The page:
Cape Town is to get a new 70 000-seat domed stadium in time for the 2010 World Cup on the site of the old Green Point track near the existing stadium.
This development gives the Mother City a serious claim to host glamour ties in the latter stages of the World Cup.
Bid committee chairperson Danny Jordaan said the new Green Point Stadium should be celebrated by Cape Town, as it would accommodate matches past the group stages and well into the knock-out stages of the World Cup.
Commenting on the announcement of the new stadium in parliament on Monday, Jordaan said the new stadium would definitely be on the final list to be presented to the world body Fifa.
Cape Town can certainly celebrate the fact that Fifa and their commercial partners viewed the city as a destination of international stature and that they would like to keep it involved in the World Cup tournament for as long as possible.
That would only have been possible with a stadium that has a capacity greater than 40 000. The new stadium has given us as organisers a significant boost.
Details of the new stadium were to be announced by premier Ebrahim Rasool and mayor Nomaindia Mfeketo today at noon, at a media briefing at the Green Point stadium.
Deputy sports minister Gert Oosthuizen announced the Cape Town's venue for the 2010 World Cup during a sitting of parliament on Monday.
He said South Africa would refurbish five existing stadiums and build five new ones in time for the soccer showcase.
A total of R242-million had been allocated for planning for the stadiums. Other new stadiums would be built at Polokwane in Limpopo; Mbombela in Mpumalanga; in Port Elizabeth; and in Durban.
Oosthuizen emphasised that the new stadiums would be owned by the municipalities on behalf of the people of South Africa.
The new Green Point stadium would be roofed by a dome that could be closed in bad weather.
The announcement ends months of speculation about Cape Town's preferred venue for the World Cup.
It also caught local football administrators completely off guard.
The City of Cape Town, the provincial government and the SA Football Association (Safa) Western Province have at various times put forward Athlone, Newlands rugby stadium and a R460-million new stadium in Delft as proposed sites for the main world cup venue.
The proposed stadium would be on par with the Millennium Stadium in Cardiff that has hosted the English FA Cup Finals in recent years, while Wembley, the traditional home of English football, undergoes a major revamp.
Shado Twala, spokesperson for Rasool, said Rasool was expected to announce specific details of the new stadium.
These would include how much would be spent on the new stadium, its capacity, how many jobs the new complex would create and what it could be used for after 2010.
The stadium would help to regenerate what was a fairly run-down area near the city centre, she added.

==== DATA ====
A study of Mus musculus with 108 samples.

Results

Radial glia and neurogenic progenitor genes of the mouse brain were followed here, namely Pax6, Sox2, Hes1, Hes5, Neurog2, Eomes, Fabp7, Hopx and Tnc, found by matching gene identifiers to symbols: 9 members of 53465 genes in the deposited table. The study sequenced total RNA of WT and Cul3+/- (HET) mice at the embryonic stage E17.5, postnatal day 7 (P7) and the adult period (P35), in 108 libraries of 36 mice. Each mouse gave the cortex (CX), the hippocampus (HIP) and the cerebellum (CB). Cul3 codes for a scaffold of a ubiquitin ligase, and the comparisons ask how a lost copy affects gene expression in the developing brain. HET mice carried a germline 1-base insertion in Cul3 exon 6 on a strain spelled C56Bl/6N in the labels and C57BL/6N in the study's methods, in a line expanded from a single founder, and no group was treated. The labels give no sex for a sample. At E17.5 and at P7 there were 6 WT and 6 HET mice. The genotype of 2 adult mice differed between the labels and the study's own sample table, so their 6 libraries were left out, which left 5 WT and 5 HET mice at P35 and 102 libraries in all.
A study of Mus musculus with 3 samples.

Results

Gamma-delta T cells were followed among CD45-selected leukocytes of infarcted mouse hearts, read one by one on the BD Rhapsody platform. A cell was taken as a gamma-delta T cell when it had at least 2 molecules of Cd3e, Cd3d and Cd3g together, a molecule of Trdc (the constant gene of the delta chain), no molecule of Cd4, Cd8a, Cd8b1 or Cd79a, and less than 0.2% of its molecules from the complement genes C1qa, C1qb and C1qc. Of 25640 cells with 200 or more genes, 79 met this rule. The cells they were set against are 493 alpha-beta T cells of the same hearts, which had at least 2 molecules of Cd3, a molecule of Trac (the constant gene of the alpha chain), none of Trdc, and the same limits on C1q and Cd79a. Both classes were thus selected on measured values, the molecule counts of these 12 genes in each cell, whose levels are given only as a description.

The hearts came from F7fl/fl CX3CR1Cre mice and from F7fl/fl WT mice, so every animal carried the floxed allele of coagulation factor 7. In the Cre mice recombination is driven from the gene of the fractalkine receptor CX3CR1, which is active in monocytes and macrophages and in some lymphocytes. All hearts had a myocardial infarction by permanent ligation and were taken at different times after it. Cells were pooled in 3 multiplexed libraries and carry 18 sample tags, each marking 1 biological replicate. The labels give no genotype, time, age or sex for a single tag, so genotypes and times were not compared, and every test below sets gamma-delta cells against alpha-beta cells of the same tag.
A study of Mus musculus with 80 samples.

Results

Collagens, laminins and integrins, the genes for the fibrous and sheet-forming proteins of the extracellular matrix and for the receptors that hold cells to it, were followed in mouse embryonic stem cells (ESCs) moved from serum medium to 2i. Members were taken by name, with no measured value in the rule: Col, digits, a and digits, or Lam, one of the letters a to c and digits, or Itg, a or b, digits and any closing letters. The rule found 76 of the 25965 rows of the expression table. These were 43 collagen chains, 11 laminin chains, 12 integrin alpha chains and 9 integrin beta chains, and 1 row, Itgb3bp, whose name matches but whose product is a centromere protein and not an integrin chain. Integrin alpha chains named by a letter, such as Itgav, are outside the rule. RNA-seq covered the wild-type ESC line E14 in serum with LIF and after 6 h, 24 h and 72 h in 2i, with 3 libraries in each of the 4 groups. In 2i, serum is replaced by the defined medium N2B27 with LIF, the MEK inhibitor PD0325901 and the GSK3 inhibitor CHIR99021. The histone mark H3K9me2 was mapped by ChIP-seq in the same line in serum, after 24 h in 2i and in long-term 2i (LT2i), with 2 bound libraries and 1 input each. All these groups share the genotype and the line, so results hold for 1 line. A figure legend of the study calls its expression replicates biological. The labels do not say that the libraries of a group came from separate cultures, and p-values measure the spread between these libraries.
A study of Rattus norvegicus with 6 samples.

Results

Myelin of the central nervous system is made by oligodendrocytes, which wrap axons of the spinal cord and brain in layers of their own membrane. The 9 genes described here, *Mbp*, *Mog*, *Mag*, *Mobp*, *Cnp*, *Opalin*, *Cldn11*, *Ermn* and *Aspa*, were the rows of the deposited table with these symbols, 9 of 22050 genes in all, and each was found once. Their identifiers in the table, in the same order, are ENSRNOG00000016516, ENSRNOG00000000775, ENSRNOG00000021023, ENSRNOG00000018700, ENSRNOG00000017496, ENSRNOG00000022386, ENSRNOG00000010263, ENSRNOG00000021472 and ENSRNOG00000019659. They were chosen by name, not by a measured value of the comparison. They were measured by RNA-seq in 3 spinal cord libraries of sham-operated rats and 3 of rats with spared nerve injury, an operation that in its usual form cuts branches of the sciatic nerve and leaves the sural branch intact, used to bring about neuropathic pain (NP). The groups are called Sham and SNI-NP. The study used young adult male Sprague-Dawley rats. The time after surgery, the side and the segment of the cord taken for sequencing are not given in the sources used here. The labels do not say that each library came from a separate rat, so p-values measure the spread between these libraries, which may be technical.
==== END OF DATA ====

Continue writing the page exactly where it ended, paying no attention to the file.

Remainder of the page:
But can a new stadium be built in Green Point in time?
A new structure on the site of the old stadium would not be a change in existing land use so is unlikely to need rezoning. But any development which has the potential for being detrimental to the environment, which could include such problems as noise or light, has to be subject to an environmental impact assessment (EIA) in terms of national environmental legislation.
The area around the existing stadium has been city commonage for centuries, and has been used for recreation for well over a century.
For example, the Metropolitan Golf Club just opposite the stadium was established in 1895.
The common also accommodated a prisoner of war camp during the South African War.
The EIA process includes a scoping report, which is the initial step and which identifies the various potential impacts of a planned development, including heritage.
It is certain that a proposed major development like this will, at the very least, involve an EIA process that will focus specifically, but not exclusively, on such issues as heritage and traffic.
Because an EIA process includes statutory public consultation and a possible appeal process at the end before final approval is granted, it could take months - even years - before a single brick is laid.
However, the government is about to introduce revised EIA regulations that have been designed specifically to reduce the length of a EIA process and avoid delays.
Environment minister Marthinus van Schalkwyk told the Cape Argus in an interview last week that the new regulations would be published in the foreseeable future.
It is important to align our development goals with our environmental objectives.
The new regulations would simplify processes but not lower environmental standards.
Although there has been speculation over the past two weeks about plans for a mega stadium in Green Point, the city's two Premier league clubs Ajax and Santos were taken by surprise by the announcement.
Neither Ajax boss John Comitis or his opposite number at Santos, Goolam Allie, had been told about the plan or approached for input.
Safa Western Province originally proposed a new stadium for the Delft/Blue Downs area, suggesting that the aim should be to take football to the areas where most of the game's supporters lived.
Another proposal, put forward by the Cape Town City Council and the Western Cape Provincial Government, was that Athlone Stadium should be developed into a World Cup class stadium.
The original proposal by the SA Football Association national body was that to save great expense, Newlands should be upgraded.
This was the original plan as contained in the body's bid book, with which Danny Jordaan's bid committee won the right to host the World Cup.